Over the past few decades, USSD technology has carved its own space in the telecom industry. It has enabled a gamut of services, such as mobile banking, customer services, etc. With higher internet speeds enabled by newer technology, such as 4G or 5G, other alternatives like application development which can work directly from smartphone to a domain on internet, are a possibility.
However, USSD service is still required in even in pure 4G and 5G networks, because:
- USSD is one of keyway to reach the subscriber
- When the subscriber’s data pack is exhausted, USSD is still required for banking , other services, etc.
In 4G and 5G networks, we don’t need a similar complex or bulkier solution for USSD. On IMS, like many other application services run, USSD can also be provided. With this approach all other underlying fundamentals of IMS can be leveraged, like using SIP as protocol for signalling, et all.
In fact, 3GPP Specs 24.390 Version 11 talks of providing USSD-like services on IMS, known as USSI (USSD Services on IMS).
Also, an upgraded version 15 of same specs highlights the same or a similar solution on 5G using IMS. Depending on network architecture, the interface geared towards HSS/UDM to fetch information shall be different on 4G and 5G networks. However, access towards UE shall remain the same.
At a very high level, this solution enables subscribers to access USSD services directly from the attached LTE/5G/IMS network and provides a similar user experience as in GSM. For the operator, it will not be a big investment, as all it needs a new application server to be added onto their network which can be either stand alone or with functionality upgraded in services that are already operational. This investment in USSD is future proof as well, as it holds true for 4G and 5G too.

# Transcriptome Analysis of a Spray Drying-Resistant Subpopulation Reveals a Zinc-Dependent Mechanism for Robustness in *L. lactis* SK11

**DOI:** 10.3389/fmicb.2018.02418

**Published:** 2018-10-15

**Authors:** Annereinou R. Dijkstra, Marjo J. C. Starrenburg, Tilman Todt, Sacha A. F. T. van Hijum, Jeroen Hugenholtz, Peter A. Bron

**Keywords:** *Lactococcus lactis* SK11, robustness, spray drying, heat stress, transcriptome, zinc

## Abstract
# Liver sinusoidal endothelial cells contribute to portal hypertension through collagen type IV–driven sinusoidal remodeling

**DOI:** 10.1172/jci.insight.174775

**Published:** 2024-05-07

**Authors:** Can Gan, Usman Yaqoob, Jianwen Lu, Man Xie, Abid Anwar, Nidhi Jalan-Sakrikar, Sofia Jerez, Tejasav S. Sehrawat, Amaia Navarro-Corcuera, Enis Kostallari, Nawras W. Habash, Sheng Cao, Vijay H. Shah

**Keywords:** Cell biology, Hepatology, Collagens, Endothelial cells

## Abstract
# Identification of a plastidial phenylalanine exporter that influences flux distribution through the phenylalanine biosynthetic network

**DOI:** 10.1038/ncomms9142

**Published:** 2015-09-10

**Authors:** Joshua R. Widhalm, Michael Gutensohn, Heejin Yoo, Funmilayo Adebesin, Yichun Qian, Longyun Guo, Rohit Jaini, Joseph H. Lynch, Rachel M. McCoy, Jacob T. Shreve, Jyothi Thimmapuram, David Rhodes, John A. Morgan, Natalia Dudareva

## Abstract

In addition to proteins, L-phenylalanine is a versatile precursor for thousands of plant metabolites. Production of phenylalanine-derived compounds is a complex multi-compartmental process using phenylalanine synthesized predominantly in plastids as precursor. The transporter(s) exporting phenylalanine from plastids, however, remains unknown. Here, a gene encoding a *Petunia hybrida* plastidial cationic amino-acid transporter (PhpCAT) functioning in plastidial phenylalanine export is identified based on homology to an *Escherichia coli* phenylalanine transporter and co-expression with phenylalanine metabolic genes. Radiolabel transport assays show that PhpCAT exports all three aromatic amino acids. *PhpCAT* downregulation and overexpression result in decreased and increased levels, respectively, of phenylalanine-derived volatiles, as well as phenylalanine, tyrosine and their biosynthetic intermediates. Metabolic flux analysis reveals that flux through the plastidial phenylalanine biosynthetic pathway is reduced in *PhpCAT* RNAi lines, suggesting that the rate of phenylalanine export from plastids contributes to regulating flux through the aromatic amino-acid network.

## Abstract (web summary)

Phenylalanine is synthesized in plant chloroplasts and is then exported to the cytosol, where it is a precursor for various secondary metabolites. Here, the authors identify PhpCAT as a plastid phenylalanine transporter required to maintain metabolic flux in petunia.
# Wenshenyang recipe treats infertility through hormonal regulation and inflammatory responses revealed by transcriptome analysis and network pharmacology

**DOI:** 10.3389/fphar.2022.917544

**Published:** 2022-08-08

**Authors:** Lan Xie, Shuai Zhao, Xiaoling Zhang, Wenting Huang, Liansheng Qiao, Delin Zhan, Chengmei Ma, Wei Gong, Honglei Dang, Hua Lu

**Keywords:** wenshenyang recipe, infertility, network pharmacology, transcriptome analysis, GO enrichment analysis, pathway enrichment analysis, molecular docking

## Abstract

As with any regular IMS flows, any request from the handset latched to 4G/5G (IMS enabled) will reach up till the S-CSCF node and S-CSCF. And, depending on registration information, shall forward the request to the application server, which is the USSI in this case. USSD can fetch the required information from HSS/UDM, using HTTP/Diameter protocols.
Typically, methods such as SIP INVITE, INFO and BYE are used to achieve this. In addition, SIP methods usually deploy Session Description Protocol (SDP) and XML content to define information pertaining to media, language, etc.
With regard to the call flow outlined above, the SIP INVITE method is used to create a USSD session. Typically, SIP INVITE messages contain SDP payload, which, in turn, usually house media information. In this case, since audio and video is not required, the port number zero will be populated. Also, the SIP message contains xml payload which actually houses a USSD string. Consider this as an example: <ussd-string>*121#</ussd-string> . Once AS understands the SIP Invite, it shall respond back with 200 OK.
Depending on the type of USSD string, if further input from the user is required, for a menu to be displayed, for example, such information will be sent as a part of the INFO message contained in the XML payload.
And, the user shall provide further input, via the SIP INFO method. Once all the required information from the user is received, a final BYE message is used to send the final USSD response.
Consider this example, <ussd-string> Dear user your credit card bill is $xyz </ussd-string>
By deploying the SIP BYE method, the USSD session is thus closed.
Based on the initial INVITE, if no more information is required from the user, INFO methods are not required and the final response can be sent as BYE.
Please note, though, the call flow described above holds good for network initiated USSD sessions as well and the SIP INVITE will be initiated by AS, instead of the handset.